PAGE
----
One of the biggest challenges for any multinational organisation operating across regions and in diverse cultures is how to devise an HR strategy that sits comfortably alongside local laws, behaviours and customs.
Global HR strategy
Jane Hollman is a strategic global HR executive who has worked for the AFL and Citigroup in Australia and various companies in the US, including AMEX and MasterCard.
Of developing an international standard, Hollman says that coming up with a global HR strategy is the first (easy) step; rolling out the policies at a local level is where the education begins.
“You try to be consistent across the globe but sometimes it doesn’t work like that. We set up a global HR system at Woolmark, the whole point of which was that it was connected so, for example, I could go into the system and get information on attrition levels or see where someone was up to in filling in performance reviews.”
The one-size-fits-all approach
Garry Ridge, CEO of WD-40 Company, believes that the days when companies could adopt a top-down, one-size-fits-all HR strategy are numbered.
When your company operates across 187 different countries as his does, the challenge of running a coherent and effective global HR strategy is always evolving says Ridge.
“We learnt over time that HR policy needed to be relevant to a local region, particularly in the area of compensation, so we could attract and retain the right people.”
“In the US, for example, equity compensation such as stock options is very common,” says Ridge, “Whereas in Europe, the taxation system makes it less favourable.”
When a company moves into new territory, there has to be a process in place to identify HR issues specific to the country as this will impact upon what you can do, advises Ridge.
Challenging cross-cultural experiences
“There’s the complexity of time-zone changes for example, when you call up in the morning and their mindset is that they’re ready to go home. Also, there are simple words that don’t have the same meaning in both countries or don’t mean anything at all for one culture.”
Even areas of HR that would seem to be suited to a standardised global policy, such as employee engagement and wellbeing, can be subject to local conditions.
BUPA operates in 190 countries and employs 52,000 people worldwide. Penny Lovett (FCPHR), BUPA’s people director, Australia and New Zealand, says that for a service organisation, employee engagement is vital as it impacts upon customer experience and performance.
Lovett says “BUPA has baseline standards that we apply around the world, but what we’re seeing is countries exploring wellbeing in different ways. In Spain, for example, they are building a program specifically around improving fitness and hydration in direct response to closely observed local needs.”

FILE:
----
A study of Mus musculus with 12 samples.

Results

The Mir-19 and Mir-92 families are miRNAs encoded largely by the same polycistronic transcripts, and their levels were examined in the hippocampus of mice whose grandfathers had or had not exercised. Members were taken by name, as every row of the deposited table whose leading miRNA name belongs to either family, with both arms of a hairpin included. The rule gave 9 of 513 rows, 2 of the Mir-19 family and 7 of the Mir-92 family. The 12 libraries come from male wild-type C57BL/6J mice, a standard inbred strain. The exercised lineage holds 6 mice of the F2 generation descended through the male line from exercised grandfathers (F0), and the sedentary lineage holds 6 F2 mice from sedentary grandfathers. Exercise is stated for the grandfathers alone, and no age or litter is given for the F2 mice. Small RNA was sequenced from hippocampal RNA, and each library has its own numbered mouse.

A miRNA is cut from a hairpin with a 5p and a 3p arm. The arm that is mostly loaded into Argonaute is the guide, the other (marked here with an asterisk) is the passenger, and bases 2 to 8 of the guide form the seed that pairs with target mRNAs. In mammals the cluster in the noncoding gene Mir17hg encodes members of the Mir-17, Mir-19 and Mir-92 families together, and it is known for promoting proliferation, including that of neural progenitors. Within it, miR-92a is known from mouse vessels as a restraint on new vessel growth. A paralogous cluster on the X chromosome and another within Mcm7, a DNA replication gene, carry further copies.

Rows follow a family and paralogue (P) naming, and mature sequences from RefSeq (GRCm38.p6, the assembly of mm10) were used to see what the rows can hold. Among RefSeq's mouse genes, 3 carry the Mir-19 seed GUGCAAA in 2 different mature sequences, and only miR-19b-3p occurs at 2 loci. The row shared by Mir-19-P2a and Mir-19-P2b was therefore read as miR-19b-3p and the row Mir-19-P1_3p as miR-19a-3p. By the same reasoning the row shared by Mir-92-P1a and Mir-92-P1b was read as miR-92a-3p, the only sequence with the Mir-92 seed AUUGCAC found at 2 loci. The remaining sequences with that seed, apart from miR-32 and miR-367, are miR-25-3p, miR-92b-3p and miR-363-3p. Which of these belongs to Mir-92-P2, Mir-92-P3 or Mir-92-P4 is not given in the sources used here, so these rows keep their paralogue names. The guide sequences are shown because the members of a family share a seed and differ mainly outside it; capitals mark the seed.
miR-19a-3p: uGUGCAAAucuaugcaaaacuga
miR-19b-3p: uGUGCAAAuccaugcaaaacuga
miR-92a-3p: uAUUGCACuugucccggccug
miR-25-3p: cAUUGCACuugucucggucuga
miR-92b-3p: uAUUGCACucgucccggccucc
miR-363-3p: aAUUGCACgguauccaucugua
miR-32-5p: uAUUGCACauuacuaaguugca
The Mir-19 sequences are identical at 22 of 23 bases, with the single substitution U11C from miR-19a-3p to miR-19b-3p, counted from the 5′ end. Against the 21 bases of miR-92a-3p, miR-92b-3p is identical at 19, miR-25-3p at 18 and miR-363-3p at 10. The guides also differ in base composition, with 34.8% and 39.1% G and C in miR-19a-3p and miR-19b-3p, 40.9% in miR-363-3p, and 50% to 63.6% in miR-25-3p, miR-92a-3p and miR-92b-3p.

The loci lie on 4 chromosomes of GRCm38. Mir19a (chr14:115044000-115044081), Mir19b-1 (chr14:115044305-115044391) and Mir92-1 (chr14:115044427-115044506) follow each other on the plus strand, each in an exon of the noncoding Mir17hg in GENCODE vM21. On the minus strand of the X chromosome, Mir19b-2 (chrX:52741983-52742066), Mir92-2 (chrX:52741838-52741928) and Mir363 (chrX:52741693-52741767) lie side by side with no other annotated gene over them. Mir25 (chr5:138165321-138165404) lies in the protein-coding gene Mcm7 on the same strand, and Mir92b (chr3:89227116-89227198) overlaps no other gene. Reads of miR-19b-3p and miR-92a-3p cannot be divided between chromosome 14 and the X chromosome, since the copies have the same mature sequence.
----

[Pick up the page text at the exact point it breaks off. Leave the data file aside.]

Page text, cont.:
“Whereas in Australia and New Zealand, the approach is based around the importance of movement, fitness challenges and good nutrition.”
When things go wrong
In 2005, when Citigroup sold its asset-management business to another US company, the Americans assumed their Asia-based employees would be fine with it as jobs were being transferred rather than lost. They were wrong.
“Working for a company such as Citigroup in Asia is very prestigious,” explains Hollman. “Suddenly the staff were being moved to a company that none of them had ever heard of.”
“They felt a loss of face about no longer working for a prestigious firm. I had to help the US acquiring company understand that this was a real issue for them. Even though the staff had no choice, I told them they had to send people out to sell this, otherwise many of the Asian staff could resign,” she recalls.
Global HR policies
But how prescriptive should global HR policies be in each region when it comes to codes of conduct, labour representation, discipline, discrimination and harassment, smoking, safety protocols, email monitoring, crisis response … the list goes on.
These aren’t easy questions to answer, says Donald Dowling of global law firm White & Case, based in New York.
He says selecting the best approach really depends on the policy topic and outlines three choices faced by any multinational HR department: the single cross-border approach, the dual “them and us” approach or the multiple variation, tailored to the local territory.
“There are merits and disadvantages in each case,” Dowling suggests.
“As every country’s laws are unique, tailoring aligned local HR policies or crafting individual ‘riders’ for each country to account for variations in law and human resources policy should be the most effective strategy,” Dowling says.
But issuing many different versions of one essentially global HR policy can get unwieldy – and expensive – he cautions, particularly if everything has to be translated.